Link: Our first “real” ride

On Saturday evening, I finally caved to Nerd’s nagging to ride Link again, and we decided to head down to Columbia City for something to eat. It was our first time riding for real–as in, not on a opening/celebration day–and I am happy to report that (despite the rumors I’ve heard about empty trains) we had tons of company on our ride. If anything, we had too much company; we had to stand for the first several stops.

We also hit our share of new-travel-mode snags. For example:

• Payment was confusing. When we got to Pioneer Square station, we first thought we had to use our Orca cards in the ticket machines upstairs. We struggled to figure out what to do until a nice ST employee (who was servicing one of the machines), told us that we didn’t need tickets. We only needed to swipe our cards on the card-reading machines–once before boarding and once after debarking–inside the stations. He also warned us that if we forgot to swipe on the way out, our cards would be charged $2.50, which is the cost of the most expensive ride.

Soon after we boarded the train, the ST fare police came aboard and asked us to demonstrate proof of payment. Everyone in our car held up their tickets; we held up our Orca cards. It’s not clear how the guy knew we actually swiped them, and it’s really not clear how this proof of payment system will work as more and more riders get Orca cards. Maybe I’m missing something?

• The train had “technical difficulties.” Midway through the climb to the Beacon Hill Station, our train stopped at a little booth-type thingie, and two official-looking men with orange vests got on. They stomped their way through the train for about five minutes (without explanation), then left. The train continued to Beacon Hill Station, at which point the driver came out of his booth and kicked us all off with a short, barely intelligible explanation. One of the other passengers told me that the bells were not working, so that train could not be driven with passengers.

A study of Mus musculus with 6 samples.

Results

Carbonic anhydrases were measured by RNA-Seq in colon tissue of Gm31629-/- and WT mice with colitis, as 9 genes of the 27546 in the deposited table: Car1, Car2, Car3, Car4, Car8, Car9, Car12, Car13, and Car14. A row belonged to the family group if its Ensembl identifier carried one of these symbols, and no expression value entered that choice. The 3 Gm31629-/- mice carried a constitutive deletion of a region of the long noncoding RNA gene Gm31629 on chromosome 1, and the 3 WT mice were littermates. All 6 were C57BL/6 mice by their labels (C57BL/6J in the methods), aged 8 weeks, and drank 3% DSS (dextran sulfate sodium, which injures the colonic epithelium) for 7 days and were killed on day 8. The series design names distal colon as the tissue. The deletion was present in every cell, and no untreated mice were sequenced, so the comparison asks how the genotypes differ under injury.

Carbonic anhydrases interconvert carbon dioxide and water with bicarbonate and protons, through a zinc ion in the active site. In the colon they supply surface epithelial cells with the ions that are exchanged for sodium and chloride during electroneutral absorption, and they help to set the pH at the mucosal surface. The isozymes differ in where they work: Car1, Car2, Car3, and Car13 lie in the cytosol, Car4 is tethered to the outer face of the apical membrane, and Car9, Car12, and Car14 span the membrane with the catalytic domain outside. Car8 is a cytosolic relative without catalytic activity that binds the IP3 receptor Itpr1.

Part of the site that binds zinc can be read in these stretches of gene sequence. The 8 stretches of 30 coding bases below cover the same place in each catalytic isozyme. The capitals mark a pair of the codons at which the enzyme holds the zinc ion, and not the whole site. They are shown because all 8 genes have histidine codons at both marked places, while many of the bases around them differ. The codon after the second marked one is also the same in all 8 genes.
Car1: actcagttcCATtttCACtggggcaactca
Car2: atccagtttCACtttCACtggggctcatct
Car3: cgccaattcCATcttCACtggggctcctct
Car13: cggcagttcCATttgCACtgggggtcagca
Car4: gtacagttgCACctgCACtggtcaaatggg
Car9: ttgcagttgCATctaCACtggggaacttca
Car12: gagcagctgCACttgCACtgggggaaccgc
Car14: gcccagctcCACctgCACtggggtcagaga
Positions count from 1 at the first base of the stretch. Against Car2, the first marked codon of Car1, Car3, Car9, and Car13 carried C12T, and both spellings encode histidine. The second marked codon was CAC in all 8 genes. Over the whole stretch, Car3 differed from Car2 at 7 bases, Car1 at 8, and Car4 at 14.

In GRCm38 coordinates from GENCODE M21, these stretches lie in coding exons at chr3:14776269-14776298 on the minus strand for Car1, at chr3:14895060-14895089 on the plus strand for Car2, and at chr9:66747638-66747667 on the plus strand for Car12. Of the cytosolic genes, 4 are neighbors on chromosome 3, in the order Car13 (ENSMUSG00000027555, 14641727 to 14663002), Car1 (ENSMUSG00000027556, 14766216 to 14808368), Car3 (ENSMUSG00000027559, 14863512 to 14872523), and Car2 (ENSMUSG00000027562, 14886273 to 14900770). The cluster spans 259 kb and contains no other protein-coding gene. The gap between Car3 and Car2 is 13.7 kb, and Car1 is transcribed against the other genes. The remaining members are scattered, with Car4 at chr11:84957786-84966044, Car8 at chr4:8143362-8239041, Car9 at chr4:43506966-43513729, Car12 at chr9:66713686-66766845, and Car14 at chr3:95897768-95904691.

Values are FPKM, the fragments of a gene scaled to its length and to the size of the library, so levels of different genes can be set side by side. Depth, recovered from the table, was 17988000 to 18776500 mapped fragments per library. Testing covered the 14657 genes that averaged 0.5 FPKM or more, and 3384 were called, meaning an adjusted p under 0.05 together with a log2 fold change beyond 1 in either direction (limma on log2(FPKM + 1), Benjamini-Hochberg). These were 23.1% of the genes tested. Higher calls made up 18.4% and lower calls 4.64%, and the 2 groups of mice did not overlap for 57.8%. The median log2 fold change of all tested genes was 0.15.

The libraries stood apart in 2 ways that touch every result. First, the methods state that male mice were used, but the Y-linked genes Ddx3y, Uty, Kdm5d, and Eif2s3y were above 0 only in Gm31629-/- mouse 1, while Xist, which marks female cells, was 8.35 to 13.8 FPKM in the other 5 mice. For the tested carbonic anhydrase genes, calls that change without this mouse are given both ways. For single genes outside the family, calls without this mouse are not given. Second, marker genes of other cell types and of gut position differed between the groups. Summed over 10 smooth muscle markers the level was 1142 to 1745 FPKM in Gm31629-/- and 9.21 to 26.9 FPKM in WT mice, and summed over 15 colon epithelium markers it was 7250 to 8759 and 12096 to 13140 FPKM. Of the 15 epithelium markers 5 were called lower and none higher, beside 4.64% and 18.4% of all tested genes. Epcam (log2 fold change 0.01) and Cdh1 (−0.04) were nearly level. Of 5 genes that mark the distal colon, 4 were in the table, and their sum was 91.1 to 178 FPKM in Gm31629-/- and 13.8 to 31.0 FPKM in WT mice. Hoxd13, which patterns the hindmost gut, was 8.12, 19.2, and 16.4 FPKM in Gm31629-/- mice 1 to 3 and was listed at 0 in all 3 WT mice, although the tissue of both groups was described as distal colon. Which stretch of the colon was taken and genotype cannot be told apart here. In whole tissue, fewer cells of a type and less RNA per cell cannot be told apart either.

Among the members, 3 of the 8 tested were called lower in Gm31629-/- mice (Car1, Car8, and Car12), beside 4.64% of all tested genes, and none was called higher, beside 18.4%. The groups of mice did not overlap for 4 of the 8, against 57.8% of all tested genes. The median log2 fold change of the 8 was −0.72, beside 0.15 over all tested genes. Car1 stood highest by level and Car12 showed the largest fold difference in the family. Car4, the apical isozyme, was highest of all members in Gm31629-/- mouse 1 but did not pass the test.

Fortunately, we didn’t have to wait long for the next train (after all the drama, ours was only a minute or so ahead of the one behind it), and the rest of our trip went smoothly–except, that is, for all the stops at lights.

We decided to skip the train ride home and instead opted for the trusty (ahem) 48. The ride was without incident, except that when I swiped my Orca–a little over an hour after paying my fare on Link–I was charged the full $1.75 fare. Guess the “transferrable fares” part isn’t up and running quite yet.